Throughout a career now spanning over fifty years, Menon has steadfastly remained a pioneering figurative painter, often in defiance of current trends. Her work metamorphosizes the visual matrix of our times through her use of a renaissance-like technique, which has earned her the sobriquet of ‘Wanton Fabulist’ from New Delhi based curator and critic Gayatri Sinha. The exhibition features over 40 paintings and drawings from the artist’s oeuvre, including a set of new large-scale works on panel exhibited here for the first time.
Throughout her artistic career, Anjolie Ela Menon has re-envisioned her role as an artist and has produced various bodies of work toward her aim to defy categorization. Menon’s early paintings, mainly portraits, imply inspiration from the likes of Modigliani, Van Gogh, Amrita Sher-Gil, and M. F. Husain. She comments on her approach of using flat areas of thick bright color with sharp outlines, which were done "with the vigor and brashness of extreme youth."
Menon’s studies in Paris in the 1960s exposed her to the techniques of medieval Christian iconography, particularly Byzantine art. A period of experimentation led to a muted palette of translucent colors, by her layering thin glazes of oil paint onto hardboard. The finely textured surfaces were further enhanced by burnishing the finished work with a soft dry brush, creating a glow reminiscent of medieval icons. As her style continued to evolve, Menon developed the distinctive features of early Christian art - namely the frontal perspective, the averted head, and the slight body elongation - but took the female nude as a frequent subject. The result is a dynamic relationship of eroticism and melancholy. Menon developed her artistic approach of distance and loss in her later works through her thematic depiction of black crows, empty chairs, windows, and hidden figures.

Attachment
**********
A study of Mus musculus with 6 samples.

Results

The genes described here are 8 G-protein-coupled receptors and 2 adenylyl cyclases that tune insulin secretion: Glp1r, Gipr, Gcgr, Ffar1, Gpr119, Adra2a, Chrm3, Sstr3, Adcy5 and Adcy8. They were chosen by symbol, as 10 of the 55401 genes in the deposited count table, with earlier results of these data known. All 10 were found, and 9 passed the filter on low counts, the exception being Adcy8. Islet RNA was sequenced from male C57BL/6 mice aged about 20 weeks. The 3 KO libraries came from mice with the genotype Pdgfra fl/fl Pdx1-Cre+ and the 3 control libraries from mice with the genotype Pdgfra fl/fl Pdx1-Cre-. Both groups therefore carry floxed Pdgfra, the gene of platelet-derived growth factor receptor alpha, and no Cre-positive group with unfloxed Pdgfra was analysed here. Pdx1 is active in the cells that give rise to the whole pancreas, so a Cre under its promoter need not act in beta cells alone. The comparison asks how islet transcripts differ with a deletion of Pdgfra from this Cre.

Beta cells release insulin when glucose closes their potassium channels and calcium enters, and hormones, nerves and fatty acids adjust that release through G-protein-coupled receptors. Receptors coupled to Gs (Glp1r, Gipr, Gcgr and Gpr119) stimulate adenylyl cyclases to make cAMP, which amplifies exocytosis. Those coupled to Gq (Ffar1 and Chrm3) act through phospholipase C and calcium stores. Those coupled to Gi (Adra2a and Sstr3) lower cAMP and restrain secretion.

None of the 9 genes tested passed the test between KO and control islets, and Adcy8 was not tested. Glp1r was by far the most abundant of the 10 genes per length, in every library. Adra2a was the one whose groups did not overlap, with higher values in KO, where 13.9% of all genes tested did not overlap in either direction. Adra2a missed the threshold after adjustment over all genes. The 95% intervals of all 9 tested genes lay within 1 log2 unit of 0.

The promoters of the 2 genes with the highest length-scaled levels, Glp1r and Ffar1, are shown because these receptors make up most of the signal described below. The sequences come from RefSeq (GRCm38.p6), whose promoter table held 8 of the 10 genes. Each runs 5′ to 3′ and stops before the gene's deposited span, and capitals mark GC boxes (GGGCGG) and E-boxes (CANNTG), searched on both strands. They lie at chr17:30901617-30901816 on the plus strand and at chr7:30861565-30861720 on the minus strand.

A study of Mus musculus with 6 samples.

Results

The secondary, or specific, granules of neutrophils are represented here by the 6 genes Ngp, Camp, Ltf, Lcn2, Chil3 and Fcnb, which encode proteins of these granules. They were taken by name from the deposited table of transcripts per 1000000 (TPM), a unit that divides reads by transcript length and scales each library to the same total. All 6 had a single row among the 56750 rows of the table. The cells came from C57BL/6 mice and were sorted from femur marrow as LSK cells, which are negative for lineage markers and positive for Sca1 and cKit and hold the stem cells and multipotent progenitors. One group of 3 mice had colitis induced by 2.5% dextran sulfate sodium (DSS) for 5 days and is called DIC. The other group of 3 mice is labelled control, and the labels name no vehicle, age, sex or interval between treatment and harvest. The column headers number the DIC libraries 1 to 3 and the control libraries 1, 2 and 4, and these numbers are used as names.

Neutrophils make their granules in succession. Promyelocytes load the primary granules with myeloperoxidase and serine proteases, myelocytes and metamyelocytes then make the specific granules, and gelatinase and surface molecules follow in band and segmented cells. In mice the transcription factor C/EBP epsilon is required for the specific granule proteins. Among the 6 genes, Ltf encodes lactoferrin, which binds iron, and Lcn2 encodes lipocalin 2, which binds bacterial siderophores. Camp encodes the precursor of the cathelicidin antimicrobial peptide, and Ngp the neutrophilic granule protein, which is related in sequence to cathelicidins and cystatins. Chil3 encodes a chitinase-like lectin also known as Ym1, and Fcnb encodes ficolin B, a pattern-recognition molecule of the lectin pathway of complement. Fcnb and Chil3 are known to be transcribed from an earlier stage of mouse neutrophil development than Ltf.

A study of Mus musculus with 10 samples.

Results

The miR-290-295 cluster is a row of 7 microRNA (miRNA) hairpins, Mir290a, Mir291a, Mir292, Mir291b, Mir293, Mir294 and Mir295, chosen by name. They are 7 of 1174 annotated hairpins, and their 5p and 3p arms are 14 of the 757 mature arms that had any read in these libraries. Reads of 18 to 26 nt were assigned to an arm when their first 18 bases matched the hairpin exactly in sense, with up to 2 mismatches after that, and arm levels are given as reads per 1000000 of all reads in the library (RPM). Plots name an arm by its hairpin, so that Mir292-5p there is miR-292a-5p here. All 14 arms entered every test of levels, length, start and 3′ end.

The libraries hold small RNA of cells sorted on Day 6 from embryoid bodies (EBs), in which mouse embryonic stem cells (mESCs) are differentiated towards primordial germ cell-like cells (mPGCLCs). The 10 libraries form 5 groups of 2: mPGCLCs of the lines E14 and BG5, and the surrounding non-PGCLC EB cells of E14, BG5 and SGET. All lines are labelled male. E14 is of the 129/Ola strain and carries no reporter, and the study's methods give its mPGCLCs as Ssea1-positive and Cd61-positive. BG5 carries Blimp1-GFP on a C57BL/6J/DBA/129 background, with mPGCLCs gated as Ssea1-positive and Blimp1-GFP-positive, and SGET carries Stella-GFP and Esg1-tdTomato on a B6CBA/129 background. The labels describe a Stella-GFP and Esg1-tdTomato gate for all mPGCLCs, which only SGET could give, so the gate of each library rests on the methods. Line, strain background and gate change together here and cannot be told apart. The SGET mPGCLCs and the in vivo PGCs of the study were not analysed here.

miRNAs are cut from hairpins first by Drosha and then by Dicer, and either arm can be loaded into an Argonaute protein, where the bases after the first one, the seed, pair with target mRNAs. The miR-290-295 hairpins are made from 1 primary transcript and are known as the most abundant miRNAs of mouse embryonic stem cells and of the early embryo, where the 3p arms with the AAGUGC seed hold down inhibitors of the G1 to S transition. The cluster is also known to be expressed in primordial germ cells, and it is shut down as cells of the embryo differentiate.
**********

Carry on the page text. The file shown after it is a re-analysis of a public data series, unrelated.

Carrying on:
This current exhibition covers many diverse themes but re-visits various phases of a 60 year long career in art. Both memory and imagination are at work to create a large body of paintings. The pastoral series is inspired by the rural community where her studio in Delhi is located. The goatherds and indeed the goats are ubiquitous in her neighborhood, the almost biblical figures of the tribe reminiscent of a bygone era. Shakti is an Indian word that denotes Woman Power and the series ‘Divine Mothers’ celebrates not holy deities like Krishna and Jesus, but their mothers, who, like mother Mary are often objects of worship in themselves. The Namboodiri priests from the temples of South India have been an oft repeated subject in Menon’s pictorial narratives and are seen here in abundance. Menon has been known for her icon like portraits and a suite of these small vignettes embellish this collection. Five maquettes of the large panels recently hung in the Mumbai international airport are shown here, a collaborative work between Menon and the renowned late photographer Robyn Beeche. Also on display are a group of rare early works garnered from collectors in and around NY.